The Tudor Society

29 April – Sir Dru Drury – from prisoner to jailer

On this day in history, 29th April 1617, Sir Dru Drury died at the age of around 85 at his home, Riddlesworth Hall in Norfolk.

He may have died in the Stuart period, but Dru was prominent in the reign of Queen Elizabeth I. What is interesting is that he went from being a prisoner to being Lieutenant of the Tower of London!

Find out more about him in today's video.

Also on this day in history:

  • 1500 – Birth of William Dacre, 3rd Baron Dacre of Gilsland and 7th Baron Greystoke. He was the eldest son of Thomas Dacre, 2nd Baron of Gilsland, and Elizabeth Greystoke, Baroness Greystoke. He was married twice, to Lady Elizabeth Talbot and then to Anne Hastings. His offices included Captain of Norham Castle, Steward of Penrith, Warden of the West Marches, Governor of Carlisle and Warden of the Middle Marches. He died on 18th November 1563.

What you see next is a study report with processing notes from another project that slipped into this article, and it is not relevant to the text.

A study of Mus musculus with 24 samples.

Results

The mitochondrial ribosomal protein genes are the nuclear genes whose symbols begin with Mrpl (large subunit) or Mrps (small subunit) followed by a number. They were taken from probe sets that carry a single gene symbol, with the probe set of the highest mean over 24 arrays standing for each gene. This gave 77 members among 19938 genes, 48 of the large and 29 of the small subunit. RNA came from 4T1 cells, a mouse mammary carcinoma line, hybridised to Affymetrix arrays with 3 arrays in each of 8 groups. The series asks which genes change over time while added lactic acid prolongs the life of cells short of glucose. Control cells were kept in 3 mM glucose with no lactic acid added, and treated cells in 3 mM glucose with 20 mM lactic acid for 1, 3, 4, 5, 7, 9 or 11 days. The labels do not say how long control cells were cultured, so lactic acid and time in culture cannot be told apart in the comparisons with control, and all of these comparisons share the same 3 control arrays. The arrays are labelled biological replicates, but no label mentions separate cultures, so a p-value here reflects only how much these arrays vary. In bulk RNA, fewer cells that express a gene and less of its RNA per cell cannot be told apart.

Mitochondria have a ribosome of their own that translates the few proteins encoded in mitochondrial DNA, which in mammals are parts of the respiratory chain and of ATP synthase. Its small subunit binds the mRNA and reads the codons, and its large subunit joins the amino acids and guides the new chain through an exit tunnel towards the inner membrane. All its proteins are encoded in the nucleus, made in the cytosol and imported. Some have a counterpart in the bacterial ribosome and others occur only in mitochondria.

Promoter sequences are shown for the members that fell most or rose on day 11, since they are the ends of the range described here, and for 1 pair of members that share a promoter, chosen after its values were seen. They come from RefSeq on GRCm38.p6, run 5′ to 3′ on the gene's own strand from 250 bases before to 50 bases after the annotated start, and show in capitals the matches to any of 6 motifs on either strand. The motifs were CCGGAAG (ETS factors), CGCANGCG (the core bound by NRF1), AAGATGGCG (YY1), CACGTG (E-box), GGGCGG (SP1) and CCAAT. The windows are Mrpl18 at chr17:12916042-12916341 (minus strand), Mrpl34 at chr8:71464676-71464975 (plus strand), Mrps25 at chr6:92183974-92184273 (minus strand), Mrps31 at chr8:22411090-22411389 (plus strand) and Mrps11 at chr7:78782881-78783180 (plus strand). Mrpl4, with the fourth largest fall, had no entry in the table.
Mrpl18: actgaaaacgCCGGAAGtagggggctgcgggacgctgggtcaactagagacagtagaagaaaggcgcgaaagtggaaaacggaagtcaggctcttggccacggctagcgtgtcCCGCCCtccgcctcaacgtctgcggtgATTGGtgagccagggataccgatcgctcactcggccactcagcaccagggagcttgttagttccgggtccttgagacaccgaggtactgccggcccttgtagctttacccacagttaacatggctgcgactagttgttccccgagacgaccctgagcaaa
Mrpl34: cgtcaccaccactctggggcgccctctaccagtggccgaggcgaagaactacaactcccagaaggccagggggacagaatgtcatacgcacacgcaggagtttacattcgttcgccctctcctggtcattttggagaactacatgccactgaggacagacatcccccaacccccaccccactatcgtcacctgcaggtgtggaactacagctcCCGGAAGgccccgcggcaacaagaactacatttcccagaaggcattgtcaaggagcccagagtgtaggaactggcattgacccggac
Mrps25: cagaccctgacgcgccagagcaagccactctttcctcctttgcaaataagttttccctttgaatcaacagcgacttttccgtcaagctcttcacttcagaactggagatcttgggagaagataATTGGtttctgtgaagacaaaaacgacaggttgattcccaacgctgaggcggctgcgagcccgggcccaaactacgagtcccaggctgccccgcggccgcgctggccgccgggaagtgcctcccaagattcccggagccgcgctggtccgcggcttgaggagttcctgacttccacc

• 1536 – Anne Boleyn argued with Sir Henry Norris, rebuking him with the words “You look for dead men's shoes, for if aught came to the King but good, you would look to have me” and thereby speaking of the King's death, something that amounted to treason. When she realised her mistake, Anne instructed Norris to go to her almoner the next day and take an oath that she “was a good woman”.
  • 1579 – Death of Richard Cheyney, Bishop of Gloucester, at The Lodge in Painswick, Gloucestershire, the bishop's manor. He was buried in his cathedral.
  • 1594 – Death of Thomas Cooper, Bishop of Winchester and theologian, at Winchester. He was buried in his cathedral, on the south side. Cooper's works included “Cooper's Chronicle”, Thesaurus Linguae Romanae et Britannicae and “An Admonition to the People of England”, which was directed against Puritans.